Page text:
After 60 years in the music industry, Burt Bacharach has come to the conclusion that the world does not need more bad popular music.
And with three Academy Awards, seven Grammy Awards and 500 compositions under his belt, he is qualified to say so.
“Popular music today is not too good, it’s the depths of what music could and should be,” he said.
“The record business is a disaster, and downloading on the internet contributes to it. I wouldn’t like to own a record company right now.
“It is just a hard time, there are no great songs around, so great songs are not getting recorded.”
But if there is one thing Bacharach can never be accused of, it’s writing bad music. The prolific and celebrated songwriter has notched up 48 Top 10 hits, nine Number One songs and his music has been recorded by the Beatles, Frank Sinatra, Barbra Streisand, Neil Diamond, Linda Ronstadt, Aretha Franklin and Dionne Warwick.
After a sell-out Australian season in 2007, Bacharach will be returning to NSW, where he will perform with the Sydney Symphony Orchestra at the Opera House on 31 January and 1 February, and the Wyndham Estate Winery in the Hunter Valley on 2 February.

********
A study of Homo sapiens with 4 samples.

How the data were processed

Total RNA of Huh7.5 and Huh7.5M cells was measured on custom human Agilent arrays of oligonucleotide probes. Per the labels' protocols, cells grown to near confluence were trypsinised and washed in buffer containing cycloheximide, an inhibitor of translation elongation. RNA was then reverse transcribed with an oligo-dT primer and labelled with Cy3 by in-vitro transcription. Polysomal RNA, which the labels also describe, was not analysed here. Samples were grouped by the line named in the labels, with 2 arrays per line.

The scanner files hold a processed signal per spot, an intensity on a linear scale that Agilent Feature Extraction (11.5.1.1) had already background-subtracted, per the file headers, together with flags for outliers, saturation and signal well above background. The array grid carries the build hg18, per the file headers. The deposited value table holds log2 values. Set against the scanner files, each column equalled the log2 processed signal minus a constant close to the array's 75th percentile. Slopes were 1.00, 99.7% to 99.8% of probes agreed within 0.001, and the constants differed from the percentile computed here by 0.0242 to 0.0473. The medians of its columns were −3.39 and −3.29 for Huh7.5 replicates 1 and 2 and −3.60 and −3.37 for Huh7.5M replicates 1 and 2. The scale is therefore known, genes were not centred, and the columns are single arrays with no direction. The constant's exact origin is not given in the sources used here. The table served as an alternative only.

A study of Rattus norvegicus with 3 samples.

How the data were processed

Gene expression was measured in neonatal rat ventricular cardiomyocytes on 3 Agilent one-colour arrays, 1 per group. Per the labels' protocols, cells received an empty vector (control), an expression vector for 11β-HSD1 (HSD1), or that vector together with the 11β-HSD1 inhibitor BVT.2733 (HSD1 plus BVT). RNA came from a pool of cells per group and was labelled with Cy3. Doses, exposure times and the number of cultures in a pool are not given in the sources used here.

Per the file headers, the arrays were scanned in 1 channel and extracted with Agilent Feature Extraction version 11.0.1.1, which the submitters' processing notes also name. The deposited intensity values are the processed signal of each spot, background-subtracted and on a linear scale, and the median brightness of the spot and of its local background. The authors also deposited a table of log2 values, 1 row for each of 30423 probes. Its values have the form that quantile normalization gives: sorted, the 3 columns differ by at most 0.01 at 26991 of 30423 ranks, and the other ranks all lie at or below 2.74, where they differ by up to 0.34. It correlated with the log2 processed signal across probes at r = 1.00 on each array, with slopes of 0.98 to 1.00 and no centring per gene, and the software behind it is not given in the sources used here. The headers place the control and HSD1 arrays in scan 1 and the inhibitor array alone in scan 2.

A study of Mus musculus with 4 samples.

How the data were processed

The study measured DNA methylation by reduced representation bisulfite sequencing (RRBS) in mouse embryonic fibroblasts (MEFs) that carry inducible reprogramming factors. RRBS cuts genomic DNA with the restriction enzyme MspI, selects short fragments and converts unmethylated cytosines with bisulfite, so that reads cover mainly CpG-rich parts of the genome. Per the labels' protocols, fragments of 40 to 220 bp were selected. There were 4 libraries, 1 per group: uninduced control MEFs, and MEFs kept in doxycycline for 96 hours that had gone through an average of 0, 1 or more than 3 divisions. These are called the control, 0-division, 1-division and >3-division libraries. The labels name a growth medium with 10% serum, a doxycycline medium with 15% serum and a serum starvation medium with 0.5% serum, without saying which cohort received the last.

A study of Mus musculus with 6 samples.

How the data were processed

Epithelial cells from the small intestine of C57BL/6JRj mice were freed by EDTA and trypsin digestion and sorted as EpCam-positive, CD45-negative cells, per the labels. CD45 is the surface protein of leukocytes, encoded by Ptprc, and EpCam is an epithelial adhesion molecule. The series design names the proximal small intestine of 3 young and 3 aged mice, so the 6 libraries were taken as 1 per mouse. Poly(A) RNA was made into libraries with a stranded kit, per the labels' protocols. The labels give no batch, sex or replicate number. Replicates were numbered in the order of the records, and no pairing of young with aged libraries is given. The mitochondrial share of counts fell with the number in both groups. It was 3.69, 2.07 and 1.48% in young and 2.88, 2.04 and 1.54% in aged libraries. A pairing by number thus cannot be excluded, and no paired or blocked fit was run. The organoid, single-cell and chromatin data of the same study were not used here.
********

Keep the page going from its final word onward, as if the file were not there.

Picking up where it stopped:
As well as carting his singers and his band to Australia, Bacharach will be bringing some of his most well loved hits, including What’s New Pussycat, Raindrops Keep Fallin’ On My Head, I Say A Little Prayer, Alfie, and Always Something There To Remind Me.
And while writing and performing music is fulfilling for Bacharach, it’s in the recording studio where the “magic” unfolds.
“That is when it all comes to truth, you either succeed in the vision you have for the song, and how you orchestrated it, or it just doesn’t come to life,” he said.
Most people would remember Bacharach and his music from the three Austin Powers films, but his melodies have also featured in Butch Cassidy and The Sundance Kid, Arthur, My Best Friend’s Wedding, and The First Wives Club.
But there are two credentials Bacharach doesn’t bandy around, and that was his naming by People Magazine in 2000 as one of the “Sexiest Men Alive”.
“That was a while back,” he said.
“I never understood it then, and I don’t understand it now.”
To book contact Sydney Symphony on 02 8215 4600 or www.sydneysymphony.com, or Sydney Opera House on 02 9250 7777 or www.sydneyoperahouse.com or Ticketek on 132 849 or www.ticketek.com.au. For VIP, accomodation and dining packages call 1300 658 009 or www.showbiz.com.au.